GOP Senator Bill Cassidy on Tuesday broke from most of his party and voted to proceed with the second impeachment trial of former President Trump, saying that Trump’s legal team did a “terrible job” in presenting their case that the trial is unconstitutional.
“One side’s doing a great job. And the other side’s doing a terrible job on the issue at hand,” Cassidy said after House impeachment managers and the former president’s legal team presented their respective cases on moving forward with the trial.
“House managers were focused, they were organized,” and “made a compelling argument” that the impeachment trial is constitutional even though Trump has left office, the Louisiana Republican said.
“President Trump’s team were disorganized. They did everything they could but to talk about the question at hand. And when they talked about it, they kind of glided over, almost as if they were embarrassed,” Cassidy added.
Cassidy’s vote was unexpected as he had previously voted with the majority of Republican senators last month for a point of order forced by Senator Rand Paul stating that moving forward with the trial was unconstitutional because Trump is no longer in office.
Other Republican senators expressed frustration that the defense offered by Trump’s lawyers verged on incoherent, particularly the presentation given by attorney Bruce Castor.
“The president’s lawyer, the first lawyer, just rambled on and on and on and didn’t really address the constitutional argument,” Senator John Cornyn of Texas said.
Senator Ted Cruz, one of Trump’s staunchest allies until he left office, said he does not think Trump’s lawyers “did the most effective job.”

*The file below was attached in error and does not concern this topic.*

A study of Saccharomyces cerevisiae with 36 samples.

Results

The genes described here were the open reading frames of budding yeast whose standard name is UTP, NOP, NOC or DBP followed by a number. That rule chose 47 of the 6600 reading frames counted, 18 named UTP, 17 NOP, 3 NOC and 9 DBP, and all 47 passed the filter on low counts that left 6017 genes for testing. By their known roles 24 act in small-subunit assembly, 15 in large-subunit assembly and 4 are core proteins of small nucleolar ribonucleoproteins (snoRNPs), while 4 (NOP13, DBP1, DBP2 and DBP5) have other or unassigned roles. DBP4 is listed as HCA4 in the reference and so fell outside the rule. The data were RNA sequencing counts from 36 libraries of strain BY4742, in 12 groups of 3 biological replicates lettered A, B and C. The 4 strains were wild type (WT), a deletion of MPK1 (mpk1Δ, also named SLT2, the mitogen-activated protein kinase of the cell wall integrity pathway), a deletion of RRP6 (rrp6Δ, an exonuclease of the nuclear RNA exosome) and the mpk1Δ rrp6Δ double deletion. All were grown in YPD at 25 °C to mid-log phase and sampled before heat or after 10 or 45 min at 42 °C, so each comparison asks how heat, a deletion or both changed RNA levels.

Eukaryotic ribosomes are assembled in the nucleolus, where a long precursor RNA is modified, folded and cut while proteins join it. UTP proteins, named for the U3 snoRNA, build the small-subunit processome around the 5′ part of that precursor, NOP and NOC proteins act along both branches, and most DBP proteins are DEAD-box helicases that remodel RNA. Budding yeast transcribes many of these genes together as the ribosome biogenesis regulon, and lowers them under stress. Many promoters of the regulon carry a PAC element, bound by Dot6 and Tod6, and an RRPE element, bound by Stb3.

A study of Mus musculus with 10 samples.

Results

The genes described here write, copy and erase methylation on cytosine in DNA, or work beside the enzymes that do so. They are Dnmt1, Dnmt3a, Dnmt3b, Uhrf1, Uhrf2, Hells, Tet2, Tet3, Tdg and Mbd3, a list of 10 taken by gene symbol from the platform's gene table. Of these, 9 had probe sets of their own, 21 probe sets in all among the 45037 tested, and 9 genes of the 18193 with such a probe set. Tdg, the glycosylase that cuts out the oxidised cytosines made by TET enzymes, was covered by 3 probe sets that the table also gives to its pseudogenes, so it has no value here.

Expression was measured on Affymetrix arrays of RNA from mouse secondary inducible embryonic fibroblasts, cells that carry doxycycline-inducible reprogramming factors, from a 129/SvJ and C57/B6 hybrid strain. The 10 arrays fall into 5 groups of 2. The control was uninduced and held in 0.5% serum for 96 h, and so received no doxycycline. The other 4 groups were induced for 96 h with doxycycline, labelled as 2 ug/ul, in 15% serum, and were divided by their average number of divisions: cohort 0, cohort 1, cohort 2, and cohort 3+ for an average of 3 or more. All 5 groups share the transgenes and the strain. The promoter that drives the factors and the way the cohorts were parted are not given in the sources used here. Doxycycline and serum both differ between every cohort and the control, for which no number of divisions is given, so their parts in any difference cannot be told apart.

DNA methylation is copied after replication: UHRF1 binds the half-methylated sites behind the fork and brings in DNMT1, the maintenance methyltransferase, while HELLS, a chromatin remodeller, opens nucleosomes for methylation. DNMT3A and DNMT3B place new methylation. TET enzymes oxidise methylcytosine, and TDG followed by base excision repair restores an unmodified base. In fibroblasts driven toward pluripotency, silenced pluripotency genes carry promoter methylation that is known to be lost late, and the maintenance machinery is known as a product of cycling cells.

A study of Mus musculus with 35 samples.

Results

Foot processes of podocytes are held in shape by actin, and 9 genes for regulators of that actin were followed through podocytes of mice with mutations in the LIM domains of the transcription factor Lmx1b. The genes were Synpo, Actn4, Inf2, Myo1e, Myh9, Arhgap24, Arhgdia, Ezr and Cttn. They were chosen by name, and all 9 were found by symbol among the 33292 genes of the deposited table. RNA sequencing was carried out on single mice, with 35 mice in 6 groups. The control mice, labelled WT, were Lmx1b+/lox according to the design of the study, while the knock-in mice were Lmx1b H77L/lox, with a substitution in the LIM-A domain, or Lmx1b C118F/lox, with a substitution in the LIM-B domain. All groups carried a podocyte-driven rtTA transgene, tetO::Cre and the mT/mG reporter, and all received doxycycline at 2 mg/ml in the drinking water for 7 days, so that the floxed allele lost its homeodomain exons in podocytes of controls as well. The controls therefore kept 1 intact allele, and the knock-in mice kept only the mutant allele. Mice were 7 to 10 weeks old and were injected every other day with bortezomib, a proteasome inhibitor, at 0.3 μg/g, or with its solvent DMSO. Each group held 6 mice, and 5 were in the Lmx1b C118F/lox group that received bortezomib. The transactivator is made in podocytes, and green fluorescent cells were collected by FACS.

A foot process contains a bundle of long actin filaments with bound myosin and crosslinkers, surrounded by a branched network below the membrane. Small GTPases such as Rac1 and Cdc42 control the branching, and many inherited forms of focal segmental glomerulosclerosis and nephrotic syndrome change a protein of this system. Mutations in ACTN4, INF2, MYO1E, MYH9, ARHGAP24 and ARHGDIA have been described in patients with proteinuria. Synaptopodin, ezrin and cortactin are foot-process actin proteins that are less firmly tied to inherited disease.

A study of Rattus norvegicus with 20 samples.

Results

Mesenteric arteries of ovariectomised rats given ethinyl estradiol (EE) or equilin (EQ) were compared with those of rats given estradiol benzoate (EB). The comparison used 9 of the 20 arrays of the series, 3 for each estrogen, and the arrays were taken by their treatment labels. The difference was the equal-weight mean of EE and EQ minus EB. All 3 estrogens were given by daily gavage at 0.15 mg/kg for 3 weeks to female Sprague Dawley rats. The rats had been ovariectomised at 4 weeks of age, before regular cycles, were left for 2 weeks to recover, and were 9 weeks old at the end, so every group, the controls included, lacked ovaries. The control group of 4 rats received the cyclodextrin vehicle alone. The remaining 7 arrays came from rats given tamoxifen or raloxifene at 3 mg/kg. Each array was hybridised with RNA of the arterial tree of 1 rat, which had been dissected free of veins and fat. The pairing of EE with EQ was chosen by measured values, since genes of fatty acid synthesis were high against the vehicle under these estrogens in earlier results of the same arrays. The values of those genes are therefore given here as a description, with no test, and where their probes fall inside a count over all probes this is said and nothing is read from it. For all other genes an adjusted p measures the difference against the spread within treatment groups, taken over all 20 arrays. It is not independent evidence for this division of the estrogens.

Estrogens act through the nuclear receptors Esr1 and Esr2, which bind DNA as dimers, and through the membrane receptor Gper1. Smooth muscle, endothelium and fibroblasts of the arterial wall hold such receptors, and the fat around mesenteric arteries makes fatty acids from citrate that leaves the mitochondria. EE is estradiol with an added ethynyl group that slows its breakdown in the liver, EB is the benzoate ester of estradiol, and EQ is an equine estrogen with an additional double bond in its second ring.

The Senate’s final vote was 56-44 that it is constitutional to proceed with the impeachment trial.
Apart from Cassidy, five other Republican senators voted with Democrats to proceed with the trial, Susan Collins of Maine, Lisa Murkowski of Alaska, Ben Sasse of Nebraska, Mitt Romney of Utah, and Pat Toomey of Pennsylvania.
Even with Cassidy’s vote, Democrats are far from having enough Republican votes to convict Trump. At least 17 Republicans would have to defect from their party and join all 50 Democrats in voting to convict the former president. A conviction could bar Trump from ever running for office again.
The House voted largely along party lines last month in favor of impeaching Trump for “incitement of insurrection” over his rhetoric before and during the uprising at the Capitol last month, when Trump supporters forced their way past security and into the halls of Congress. The violence at the Capitol on January 6 ended with five dead, including one Capitol Hill police officer.
Lawmakers on both sides of the aisle condemned Trump’s rhetoric at a speech to supporters in front of the White House earlier in the day, but since then, Senate Republicans in large part have indicated they are ready to move on.